How Soyuz astronauts escaped after rocket failed at 4,970mph and pair plummeted 31 miles in terrifying 7G 'ballistic re-entry'

Then, 31 miles up in the rarefied stratosphere, the unthinkable happened: The rocket boosters failed.

"We're tightening our seatbelts," said Russian commander Alexei Ovchinin as he and American Nick Hague began a terrifying fall back to earth.

Less than three minutes into a 250-mile flight to the International Space Station, the new mission was simply to stay alive.

During a routine reentry, astronauts experience around 4.5 times the force of gravity, the same as a near-vertical rollercoaster.

But Ovchinin and Hague's descent was much steeper, inflicting as much as 6.7 G-force, according to one Russian official.

A NASA study found an untrained human could not withstand this extreme physical stress for more than five minutes.

It would be terrifying for a civilian but cosmonaut Ovchinin, who will have gone through hell in centrifugal machine, was ice cool.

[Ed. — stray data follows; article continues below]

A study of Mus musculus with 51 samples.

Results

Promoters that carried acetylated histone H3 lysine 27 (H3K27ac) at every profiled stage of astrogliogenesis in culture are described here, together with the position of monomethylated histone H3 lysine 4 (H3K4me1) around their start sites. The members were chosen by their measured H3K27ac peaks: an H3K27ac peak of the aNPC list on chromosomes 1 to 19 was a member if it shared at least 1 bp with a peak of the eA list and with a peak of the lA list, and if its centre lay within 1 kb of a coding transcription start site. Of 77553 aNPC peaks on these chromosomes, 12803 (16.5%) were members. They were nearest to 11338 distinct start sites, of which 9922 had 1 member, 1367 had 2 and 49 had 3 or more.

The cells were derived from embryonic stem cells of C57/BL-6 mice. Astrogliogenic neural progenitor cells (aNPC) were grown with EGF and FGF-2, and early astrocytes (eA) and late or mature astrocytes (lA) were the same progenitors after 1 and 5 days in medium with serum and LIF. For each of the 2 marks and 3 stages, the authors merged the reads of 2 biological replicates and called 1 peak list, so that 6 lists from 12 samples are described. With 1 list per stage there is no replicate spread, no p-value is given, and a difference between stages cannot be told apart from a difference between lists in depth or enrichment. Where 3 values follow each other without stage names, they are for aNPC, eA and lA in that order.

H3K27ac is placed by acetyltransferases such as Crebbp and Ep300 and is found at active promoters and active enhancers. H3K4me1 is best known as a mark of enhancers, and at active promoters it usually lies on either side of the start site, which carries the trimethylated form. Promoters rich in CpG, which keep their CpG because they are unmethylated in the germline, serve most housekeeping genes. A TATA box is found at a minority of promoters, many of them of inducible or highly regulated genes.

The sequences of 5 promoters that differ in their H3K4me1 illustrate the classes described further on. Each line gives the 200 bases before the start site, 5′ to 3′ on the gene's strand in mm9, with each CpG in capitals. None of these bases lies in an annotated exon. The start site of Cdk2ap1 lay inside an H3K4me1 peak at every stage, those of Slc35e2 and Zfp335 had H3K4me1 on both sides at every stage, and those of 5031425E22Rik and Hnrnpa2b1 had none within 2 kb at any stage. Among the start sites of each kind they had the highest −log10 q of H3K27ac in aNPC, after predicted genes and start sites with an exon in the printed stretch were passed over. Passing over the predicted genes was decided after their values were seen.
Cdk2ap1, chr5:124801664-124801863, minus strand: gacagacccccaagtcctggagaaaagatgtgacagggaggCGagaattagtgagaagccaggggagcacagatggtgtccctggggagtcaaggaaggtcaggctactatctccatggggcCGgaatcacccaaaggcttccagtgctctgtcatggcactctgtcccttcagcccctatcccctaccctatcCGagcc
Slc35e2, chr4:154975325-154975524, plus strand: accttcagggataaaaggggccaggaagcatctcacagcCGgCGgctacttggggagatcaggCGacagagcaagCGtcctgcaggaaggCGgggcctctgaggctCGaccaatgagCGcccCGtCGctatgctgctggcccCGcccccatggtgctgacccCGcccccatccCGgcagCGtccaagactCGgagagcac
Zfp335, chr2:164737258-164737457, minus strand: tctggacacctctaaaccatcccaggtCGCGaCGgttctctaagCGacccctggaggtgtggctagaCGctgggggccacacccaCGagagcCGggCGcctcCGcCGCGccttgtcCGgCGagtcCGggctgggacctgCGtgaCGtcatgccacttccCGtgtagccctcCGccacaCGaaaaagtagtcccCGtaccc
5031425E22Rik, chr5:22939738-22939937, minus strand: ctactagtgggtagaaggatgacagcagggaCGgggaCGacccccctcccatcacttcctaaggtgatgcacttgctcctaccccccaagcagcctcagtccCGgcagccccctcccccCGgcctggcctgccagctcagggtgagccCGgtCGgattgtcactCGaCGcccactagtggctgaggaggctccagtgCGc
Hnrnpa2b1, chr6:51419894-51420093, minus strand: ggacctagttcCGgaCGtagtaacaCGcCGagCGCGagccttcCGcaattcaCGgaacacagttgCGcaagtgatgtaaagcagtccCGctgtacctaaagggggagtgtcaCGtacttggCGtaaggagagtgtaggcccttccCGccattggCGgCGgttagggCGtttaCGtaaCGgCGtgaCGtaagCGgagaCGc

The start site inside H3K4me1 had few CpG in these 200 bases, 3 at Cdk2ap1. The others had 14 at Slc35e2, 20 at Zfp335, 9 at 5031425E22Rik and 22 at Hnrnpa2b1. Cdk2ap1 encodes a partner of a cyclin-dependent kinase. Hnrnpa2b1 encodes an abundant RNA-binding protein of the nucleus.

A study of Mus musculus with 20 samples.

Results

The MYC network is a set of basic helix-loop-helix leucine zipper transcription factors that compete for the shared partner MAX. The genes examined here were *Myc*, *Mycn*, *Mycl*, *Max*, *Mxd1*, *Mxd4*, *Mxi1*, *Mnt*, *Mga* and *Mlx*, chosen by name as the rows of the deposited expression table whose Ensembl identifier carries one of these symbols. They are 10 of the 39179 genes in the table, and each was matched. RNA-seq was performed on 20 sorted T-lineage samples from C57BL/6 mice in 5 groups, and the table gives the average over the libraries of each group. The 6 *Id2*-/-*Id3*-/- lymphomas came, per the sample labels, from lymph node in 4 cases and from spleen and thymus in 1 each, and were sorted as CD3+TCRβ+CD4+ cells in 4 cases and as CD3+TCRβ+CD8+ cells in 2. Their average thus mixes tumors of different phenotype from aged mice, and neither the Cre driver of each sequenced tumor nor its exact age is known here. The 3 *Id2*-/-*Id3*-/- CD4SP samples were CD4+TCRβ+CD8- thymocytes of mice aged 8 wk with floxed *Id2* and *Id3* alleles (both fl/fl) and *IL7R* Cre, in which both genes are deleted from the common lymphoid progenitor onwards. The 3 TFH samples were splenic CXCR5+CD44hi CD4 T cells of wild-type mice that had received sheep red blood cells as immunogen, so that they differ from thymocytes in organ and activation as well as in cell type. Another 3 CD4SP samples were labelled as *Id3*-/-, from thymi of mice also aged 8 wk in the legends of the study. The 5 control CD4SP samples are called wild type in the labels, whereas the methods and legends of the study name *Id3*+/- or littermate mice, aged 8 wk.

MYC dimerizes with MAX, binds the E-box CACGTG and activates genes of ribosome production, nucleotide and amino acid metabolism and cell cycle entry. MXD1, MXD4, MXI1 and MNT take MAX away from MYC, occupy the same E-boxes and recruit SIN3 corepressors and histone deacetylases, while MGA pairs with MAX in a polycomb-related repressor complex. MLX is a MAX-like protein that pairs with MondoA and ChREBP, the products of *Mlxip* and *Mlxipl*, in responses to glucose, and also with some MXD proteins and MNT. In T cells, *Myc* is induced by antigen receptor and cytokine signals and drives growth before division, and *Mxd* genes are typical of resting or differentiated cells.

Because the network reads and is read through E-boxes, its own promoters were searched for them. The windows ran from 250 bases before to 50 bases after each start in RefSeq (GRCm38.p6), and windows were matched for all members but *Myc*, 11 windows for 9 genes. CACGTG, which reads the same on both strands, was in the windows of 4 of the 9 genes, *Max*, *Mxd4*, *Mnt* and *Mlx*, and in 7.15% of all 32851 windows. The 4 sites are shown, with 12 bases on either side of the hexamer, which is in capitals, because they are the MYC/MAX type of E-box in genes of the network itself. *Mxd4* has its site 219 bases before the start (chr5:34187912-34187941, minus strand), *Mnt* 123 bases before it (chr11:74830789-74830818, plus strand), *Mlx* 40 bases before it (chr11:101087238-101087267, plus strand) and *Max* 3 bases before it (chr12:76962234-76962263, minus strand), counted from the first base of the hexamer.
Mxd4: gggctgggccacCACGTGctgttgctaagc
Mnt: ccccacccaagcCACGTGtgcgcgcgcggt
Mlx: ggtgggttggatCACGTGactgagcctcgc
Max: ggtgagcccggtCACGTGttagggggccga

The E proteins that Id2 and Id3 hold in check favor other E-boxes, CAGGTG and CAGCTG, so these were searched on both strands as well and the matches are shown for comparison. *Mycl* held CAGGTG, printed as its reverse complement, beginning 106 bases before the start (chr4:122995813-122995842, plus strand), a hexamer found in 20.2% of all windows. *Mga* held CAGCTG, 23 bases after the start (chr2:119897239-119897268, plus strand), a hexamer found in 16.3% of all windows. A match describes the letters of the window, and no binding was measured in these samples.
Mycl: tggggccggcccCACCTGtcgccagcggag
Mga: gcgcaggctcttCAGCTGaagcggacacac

"An accident with the booster, two minutes, 45 seconds," he said on a live-streamed video of the botched launch. "That was a quick flight."

Their capsule started a sub-orbital "ballistic re-entry",  just as nuclear intercontinental missiles do at hypersonic speeds before hitting their target.

Oleg Orlov, head of Russia's top space medicine research centre, said they endured more than six Gs during the sharp descent.

He added astronauts are specially trained to endure such loads and some have survived "abnormally high" forces.

In 1954, US Air Force officer John Stapp withstood an unimaginable 46.2 Gs for a few seconds, PBS reported.

Accelerating to 632mph in just five seconds, for an instant his body will have weighed more than three tonnes.

However, it is very possible to die even from (relatively) low levels of G-force: Ten can kill in a minute, according to a NASA report.

Russia has opened a criminal investigation into the botched rocket launch over Kazakhstan today.

News of the criminal probe comes after "traces of drilling” were found on a Russian spacecraft which docked with the International Space Station last month.

Moscow had already hinted at possible sabotage over damage found on the Soyuz MS-09 a few days prior, prompting a major investigation.

The damage was also “on the screen of the anti-meteorite shield that covers the spacecraft from the outside and is installed 15 millimetres from the pressurised hull”.

A drop in pressure due to an air leak was detected on the orbital station overnight to August 30.